Need to Know
21 : 08 : 20

Orthodontists discourage at-home dental treatments, Reebok lets customers choose future footwear, and gaming is shown to boost human connections.

Dental parodies bite back at DTC brands

 Happy Mouth Now by The American Association of Orthodontists, US

US – The American Association of Orthodontists (AAO) is taking a stand against unreliable at-home dental products with its Happy Mouth Now campaign.

In a series of parody videos, the association warns customers against do-it-yourself home dental treatments, which have proliferated through tele-dentistry services. The AAO’s flagship video focuses on a woman creating her own mould for a teeth-straightening retainer at home, and the mess and discomfort experienced when not left to the professionals.

By taking an exaggerated and comic approach to its backlash advertising, the AAO hopes to reach a wide audience, having already released the videos through email marketing and social media. ‘We didn’t want this important message to fall on deaf ears with a typical PSA, so we knew we needed to do something truly creative to break through,’ says spokeswoman Brynne Cramer.

While start-ups have been trying to rework dentistry in recent years with novel products and experiences, professional services are stepping in to reaffirm the importance of expertise.

Pocket-friendly hosiery that’s biodegradable

Pretty Polly, UK Pretty Polly, UK

UK – The Eco-Wear range from hosiery brand Pretty Polly is a response to growing awareness of the waste associated with lingerie and tights.

The sustainable range is made from the world’s first biodegradable polyamide yarn and has been produced in an Oeko-Tex-certified factory. By excluding wires, plastic and seams, the lingerie and hosiery are designed to disintegrate in three to five years, once they are in contact with microorganisms found in landfill. As a result, tights from the Eco-Wear range will decompose 10 times faster than traditional or even recyclable tights.

Priced from £10 ($12.60, €10.60), the collection includes bras, shorts, tights and leggings, is both eco-friendly and affordable: ‘We are passionate about making a real difference for the future and believe that sustainable options should be accessible to everybody,’ states Caroline Wright, hosiery product manager at Pretty Polly.

As brands innovate to overcome the environmental issues associated with the fashion industry, many are turning to innovative, bio-based materials.

Reebok’s First Pitch minimises sneaker waste

US – The sports brand’s digital platform enables consumers to collectively determine whether a sneaker goes into production.

Future shoe designs will remain open on the First Pitch website for between 72 hours and 30 days, allowing sneaker fans to show their interest and determine whether Reebok should produce the shoe. Each sneaker is priced at £0.75p ($1, €0.83) and will go up by the same amount with each commitment made to produce the shoe, until it hits its retail price. Reebok's goal is to hit 500 pairs as a minimum before putting each shoe into production.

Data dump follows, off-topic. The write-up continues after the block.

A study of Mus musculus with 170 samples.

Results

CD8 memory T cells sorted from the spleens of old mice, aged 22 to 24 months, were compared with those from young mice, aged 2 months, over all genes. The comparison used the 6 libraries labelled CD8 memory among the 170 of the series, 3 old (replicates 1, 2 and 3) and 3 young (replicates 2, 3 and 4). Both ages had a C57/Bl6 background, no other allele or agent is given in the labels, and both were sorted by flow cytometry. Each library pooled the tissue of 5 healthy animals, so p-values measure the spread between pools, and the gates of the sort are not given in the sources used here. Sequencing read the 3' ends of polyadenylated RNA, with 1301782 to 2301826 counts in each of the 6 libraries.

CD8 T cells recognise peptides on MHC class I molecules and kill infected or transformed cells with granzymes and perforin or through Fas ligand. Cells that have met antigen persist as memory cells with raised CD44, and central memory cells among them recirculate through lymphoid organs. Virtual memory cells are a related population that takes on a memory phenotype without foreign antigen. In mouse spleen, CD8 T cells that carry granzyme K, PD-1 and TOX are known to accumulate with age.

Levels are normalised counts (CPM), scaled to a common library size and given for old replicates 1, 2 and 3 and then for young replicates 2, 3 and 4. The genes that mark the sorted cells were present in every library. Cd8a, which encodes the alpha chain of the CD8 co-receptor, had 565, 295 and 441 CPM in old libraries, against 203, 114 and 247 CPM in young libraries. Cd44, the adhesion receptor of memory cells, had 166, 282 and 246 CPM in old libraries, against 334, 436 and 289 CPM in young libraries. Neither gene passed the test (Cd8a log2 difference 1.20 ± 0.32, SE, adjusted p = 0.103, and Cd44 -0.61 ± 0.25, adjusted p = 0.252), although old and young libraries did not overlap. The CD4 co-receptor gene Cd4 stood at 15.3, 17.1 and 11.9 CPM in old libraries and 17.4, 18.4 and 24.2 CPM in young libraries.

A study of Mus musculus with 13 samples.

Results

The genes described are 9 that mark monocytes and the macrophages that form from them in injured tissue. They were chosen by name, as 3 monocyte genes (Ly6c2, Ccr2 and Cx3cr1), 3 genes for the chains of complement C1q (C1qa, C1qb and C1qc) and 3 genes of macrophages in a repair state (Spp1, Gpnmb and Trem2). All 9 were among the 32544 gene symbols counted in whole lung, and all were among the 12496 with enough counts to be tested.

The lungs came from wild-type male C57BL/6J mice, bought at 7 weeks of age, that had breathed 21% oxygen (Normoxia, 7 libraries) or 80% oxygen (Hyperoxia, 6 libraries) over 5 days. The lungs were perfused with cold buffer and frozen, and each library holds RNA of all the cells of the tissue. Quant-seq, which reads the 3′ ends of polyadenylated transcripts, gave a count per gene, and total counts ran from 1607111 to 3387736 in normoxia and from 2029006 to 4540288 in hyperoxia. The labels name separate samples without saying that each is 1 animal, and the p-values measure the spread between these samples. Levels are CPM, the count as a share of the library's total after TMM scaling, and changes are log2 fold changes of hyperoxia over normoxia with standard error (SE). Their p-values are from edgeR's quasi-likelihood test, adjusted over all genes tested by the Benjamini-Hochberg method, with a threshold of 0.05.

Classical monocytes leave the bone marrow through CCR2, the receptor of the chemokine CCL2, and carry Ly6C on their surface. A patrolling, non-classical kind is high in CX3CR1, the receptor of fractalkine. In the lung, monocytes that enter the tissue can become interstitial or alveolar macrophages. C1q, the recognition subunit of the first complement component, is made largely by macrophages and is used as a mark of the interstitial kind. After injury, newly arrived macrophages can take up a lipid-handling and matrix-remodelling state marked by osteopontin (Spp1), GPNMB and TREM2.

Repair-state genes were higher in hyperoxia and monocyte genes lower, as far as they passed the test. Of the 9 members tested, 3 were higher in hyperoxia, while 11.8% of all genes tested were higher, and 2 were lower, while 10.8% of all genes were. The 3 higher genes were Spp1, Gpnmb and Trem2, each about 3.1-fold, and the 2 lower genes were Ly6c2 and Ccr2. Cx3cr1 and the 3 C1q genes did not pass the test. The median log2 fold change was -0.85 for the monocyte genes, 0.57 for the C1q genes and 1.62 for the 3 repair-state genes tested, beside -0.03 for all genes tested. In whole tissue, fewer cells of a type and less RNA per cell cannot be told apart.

Aiming to minimise waste in the production cycle, the system sets an example for other fashion labels, while also allowing Reebok to learn more about its audiences’ preferences. ‘First Pitch arrives at a time when the industry is at a unique but critical junction, where consumers are demanding great digital experiences that also enable them to make more mindful and considerate purchasing decisions,’ explains Matt Blonder, global head of digital at Reebok.

By tapping into continuous consumer feedback, Reebok is able to improve on its practices – something we identify in Post-purpose Brands.

Reebok, US

Stat: Playing video games increases empathy

Deutsche Telekom in collaboration with Saatchi & Saatchi  and Billie Eillish, Germany Deutsche Telekom in collaboration with Saatchi & Saatchi  and Billie Eillish, Germany

A new survey by the UK's National Literacy Trust and the Association of UK Interactive Entertainment finds that playing video games can positively increase empathy in children.

While past research and conversation have highlighted the negative impacts that gaming has on young people, this latest study shows that playing video games can support mental health as well as social competencies. Of the 4,626 young people in the UK aged 11–16 surveyed, 76% say they talk to friends about gaming and this can help build better social connections.

Another 65% say playing video games helps them to imagine being someone else – helping them to understand others’ feelings and situations. In turn, three in five parents say that games have been helpful for their child’s mental health during the pandemic.

As we explore in Relationship Games, both players and developers are pushing gaming’s potential to build positive, meaningful bonds between people.